Judge bans Wildlife in Need from letting the public play with tiger cubs

A federal judge this week approved PETA‘s request to stop Wildlife in Need, an exotic roadside Indiana zoo, from letting the public play with tiger cubs.

People for the Ethical Treatment of Animals requested a preliminary injunction to stop the Charlestown wildlife refuge from unnecessarily declawing tigers and lions as well as displaying cubs under 18 months old and separating them from their mothers.

“The court has done the right thing in stopping Wildlife in Need from tearing cubs away from their mothers for use as public playthings and amputating their toes, which can leave them with lifelong lameness, pain, and psychological distress,” Brittany Peet wrote in a PETA statement.

Wildlife In Need did not immediately respond to an email or a phone call seeking comment.

Owned by Tim and Melissa Stark, the animal refuge is best known for its “Tiger Baby Playtime” fundraisers, where people pay to play with and take pictures of tiger cubs.

The United States Department of Agriculture and animal rights groups have criticized Wildlife in Need for allegedly abusing animals.

A 2017 report from the USDA said that Tim Stark did not give animals pain meds after the declawing procedure because “he doesn’t think they are in pain,” according to court  documents.

Stark was allowed to exhibit the animals and was licensed by the USDA under the Animal Welfare Act. But court documents show he was cited more than 50 times for failure to meet the minimum requirements. His license has been suspended twice, once in 2015 and another time in 2017.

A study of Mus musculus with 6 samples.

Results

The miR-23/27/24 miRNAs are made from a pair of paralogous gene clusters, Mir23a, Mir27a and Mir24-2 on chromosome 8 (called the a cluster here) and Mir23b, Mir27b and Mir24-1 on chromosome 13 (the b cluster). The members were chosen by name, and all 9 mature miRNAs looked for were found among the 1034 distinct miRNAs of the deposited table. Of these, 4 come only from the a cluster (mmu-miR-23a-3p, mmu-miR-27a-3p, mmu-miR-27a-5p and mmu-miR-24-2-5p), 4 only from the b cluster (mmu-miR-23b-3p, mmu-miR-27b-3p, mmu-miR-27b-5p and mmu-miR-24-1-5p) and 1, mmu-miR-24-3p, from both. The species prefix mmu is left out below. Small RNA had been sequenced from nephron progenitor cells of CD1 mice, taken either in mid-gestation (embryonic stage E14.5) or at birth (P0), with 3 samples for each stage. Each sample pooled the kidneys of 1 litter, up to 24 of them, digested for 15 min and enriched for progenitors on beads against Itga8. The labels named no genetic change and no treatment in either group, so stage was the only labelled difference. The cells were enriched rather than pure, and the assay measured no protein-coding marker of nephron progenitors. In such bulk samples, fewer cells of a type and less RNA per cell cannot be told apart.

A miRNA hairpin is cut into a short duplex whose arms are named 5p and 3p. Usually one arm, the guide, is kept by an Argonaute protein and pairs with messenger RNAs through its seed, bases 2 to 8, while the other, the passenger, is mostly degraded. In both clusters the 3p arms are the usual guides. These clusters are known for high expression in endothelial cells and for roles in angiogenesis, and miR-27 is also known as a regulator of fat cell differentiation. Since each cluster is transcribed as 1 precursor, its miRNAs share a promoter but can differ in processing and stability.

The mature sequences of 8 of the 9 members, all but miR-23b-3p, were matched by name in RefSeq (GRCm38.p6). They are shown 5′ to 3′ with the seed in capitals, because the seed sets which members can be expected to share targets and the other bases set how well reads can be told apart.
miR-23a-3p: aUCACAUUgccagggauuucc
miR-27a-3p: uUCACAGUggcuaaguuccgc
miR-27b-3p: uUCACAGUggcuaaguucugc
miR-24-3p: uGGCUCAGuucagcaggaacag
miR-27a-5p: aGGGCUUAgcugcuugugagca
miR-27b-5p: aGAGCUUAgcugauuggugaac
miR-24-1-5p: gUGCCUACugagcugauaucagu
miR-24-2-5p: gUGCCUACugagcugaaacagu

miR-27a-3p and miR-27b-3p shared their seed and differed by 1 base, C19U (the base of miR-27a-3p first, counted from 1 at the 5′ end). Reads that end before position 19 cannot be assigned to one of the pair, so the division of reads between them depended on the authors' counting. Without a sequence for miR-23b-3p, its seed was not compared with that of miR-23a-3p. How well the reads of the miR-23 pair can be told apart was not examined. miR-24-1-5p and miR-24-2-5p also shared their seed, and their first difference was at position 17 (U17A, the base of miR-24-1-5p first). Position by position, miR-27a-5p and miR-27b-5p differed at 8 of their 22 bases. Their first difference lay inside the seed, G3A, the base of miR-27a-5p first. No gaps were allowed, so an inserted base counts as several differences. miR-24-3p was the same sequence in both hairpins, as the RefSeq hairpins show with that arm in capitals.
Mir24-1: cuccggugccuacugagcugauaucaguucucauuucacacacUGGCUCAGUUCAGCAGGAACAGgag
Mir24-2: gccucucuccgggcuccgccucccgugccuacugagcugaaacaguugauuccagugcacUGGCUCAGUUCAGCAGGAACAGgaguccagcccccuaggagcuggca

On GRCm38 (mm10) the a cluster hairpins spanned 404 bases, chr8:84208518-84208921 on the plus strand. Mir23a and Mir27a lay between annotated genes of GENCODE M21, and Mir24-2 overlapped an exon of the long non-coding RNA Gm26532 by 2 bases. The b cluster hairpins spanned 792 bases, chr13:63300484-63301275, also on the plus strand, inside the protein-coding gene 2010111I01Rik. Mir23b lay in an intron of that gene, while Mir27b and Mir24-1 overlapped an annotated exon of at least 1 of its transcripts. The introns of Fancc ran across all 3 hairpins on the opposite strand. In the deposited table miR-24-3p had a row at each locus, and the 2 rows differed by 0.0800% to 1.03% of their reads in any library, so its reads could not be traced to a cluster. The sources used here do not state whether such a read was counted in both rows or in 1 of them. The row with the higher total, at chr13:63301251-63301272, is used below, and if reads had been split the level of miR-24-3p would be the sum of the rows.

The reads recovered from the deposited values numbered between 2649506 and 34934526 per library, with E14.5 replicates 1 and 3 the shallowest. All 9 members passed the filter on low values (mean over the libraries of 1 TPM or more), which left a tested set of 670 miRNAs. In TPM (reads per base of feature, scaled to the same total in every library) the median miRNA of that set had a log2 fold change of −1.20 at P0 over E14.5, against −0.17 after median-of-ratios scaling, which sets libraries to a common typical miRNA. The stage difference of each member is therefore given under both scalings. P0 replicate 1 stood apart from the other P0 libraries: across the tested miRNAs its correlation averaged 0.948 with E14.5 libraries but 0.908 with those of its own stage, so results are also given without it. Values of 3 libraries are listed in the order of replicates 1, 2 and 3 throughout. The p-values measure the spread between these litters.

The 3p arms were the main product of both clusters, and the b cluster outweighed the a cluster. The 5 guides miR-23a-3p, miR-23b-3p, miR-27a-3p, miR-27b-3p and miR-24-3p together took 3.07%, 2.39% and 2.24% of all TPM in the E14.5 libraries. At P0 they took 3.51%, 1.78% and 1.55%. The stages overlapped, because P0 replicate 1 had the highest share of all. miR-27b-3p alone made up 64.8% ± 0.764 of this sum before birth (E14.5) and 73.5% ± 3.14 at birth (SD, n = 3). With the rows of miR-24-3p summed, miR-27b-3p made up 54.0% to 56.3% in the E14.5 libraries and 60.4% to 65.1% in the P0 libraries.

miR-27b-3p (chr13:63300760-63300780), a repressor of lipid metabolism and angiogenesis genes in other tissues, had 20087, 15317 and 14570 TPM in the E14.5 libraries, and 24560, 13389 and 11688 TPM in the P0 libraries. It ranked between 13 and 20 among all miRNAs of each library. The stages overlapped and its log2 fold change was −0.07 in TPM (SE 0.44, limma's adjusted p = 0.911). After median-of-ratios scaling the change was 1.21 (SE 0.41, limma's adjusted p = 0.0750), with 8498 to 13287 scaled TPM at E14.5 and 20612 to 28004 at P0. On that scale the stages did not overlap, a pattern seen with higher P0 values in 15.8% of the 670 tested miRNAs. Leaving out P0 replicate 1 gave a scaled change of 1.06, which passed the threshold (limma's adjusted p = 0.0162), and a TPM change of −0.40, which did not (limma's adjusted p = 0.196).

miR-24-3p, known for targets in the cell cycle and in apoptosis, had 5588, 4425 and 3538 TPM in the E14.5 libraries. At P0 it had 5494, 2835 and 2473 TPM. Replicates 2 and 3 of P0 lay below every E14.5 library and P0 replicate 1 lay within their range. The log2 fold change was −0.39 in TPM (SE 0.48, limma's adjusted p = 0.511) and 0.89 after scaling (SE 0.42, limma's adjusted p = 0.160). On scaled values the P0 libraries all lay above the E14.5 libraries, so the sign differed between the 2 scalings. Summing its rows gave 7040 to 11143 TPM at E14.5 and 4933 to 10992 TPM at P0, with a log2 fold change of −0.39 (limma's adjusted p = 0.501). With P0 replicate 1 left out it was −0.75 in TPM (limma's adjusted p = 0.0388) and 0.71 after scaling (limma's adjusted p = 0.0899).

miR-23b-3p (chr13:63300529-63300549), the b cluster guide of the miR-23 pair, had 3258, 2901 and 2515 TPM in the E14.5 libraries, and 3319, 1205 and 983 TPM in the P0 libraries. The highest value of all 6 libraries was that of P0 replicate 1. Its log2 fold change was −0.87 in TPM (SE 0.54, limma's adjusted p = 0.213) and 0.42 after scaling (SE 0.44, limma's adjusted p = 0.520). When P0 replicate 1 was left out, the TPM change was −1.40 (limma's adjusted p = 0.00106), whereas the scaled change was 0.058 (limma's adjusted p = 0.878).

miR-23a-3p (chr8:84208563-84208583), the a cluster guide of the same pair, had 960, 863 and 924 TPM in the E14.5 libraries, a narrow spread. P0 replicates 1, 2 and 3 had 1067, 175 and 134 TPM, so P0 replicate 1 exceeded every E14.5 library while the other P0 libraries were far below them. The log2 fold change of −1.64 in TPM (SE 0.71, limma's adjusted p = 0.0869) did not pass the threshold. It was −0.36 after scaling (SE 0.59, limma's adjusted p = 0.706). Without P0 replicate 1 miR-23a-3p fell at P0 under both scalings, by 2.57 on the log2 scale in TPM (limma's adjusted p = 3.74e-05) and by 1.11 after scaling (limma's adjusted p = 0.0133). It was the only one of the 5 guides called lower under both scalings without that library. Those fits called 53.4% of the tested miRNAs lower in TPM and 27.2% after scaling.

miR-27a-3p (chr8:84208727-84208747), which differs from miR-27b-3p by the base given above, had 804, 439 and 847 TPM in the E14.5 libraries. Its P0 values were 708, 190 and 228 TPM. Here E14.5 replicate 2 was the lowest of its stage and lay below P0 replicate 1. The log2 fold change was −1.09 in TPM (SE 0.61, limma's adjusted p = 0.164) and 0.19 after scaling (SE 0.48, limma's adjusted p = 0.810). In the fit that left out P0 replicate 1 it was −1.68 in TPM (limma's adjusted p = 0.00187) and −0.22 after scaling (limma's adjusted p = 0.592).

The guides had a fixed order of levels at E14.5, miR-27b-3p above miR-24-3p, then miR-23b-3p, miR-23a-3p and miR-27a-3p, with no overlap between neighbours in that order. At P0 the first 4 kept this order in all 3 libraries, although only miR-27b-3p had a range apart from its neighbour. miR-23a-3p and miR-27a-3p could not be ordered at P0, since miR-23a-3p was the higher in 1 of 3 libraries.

PETA said in a statement that its evidence showed half of the cubs born or acquired in 2017 for Tiger Baby Playtime had died. Declawing partly contributed to their deaths, PETA said.

“Declawing is an irreversible procedure that permanently removes the distal phalanx and severs nerves, ligaments, tendons, and blood vessels,” the court document reads. “There is no way to ‘undo’ the surgery once it has been completed.”

According to the group’s Facebook page, Wildlife in Need continues to host exotic animal encounter events. On Feb. 17, for example, there is one scheduled for $25 per person, though it is unclear which animals will be on display.

The court order, however, explicitly states “Tiger Baby Playtime” is not allowed and cubs under 18 months old cannot be publicly displayed.

Courier Journal previously reported that the nonprofit listed its total revenue in 2014 as more than $500,000, according to its IRS 990 form. The group used the money from Tiger Baby Playtime to help rehabilitate the animals as a part of its nonprofit program, Courier Journal previously reported.


Read the original article by Thomas Novelly at courier-journal.com here.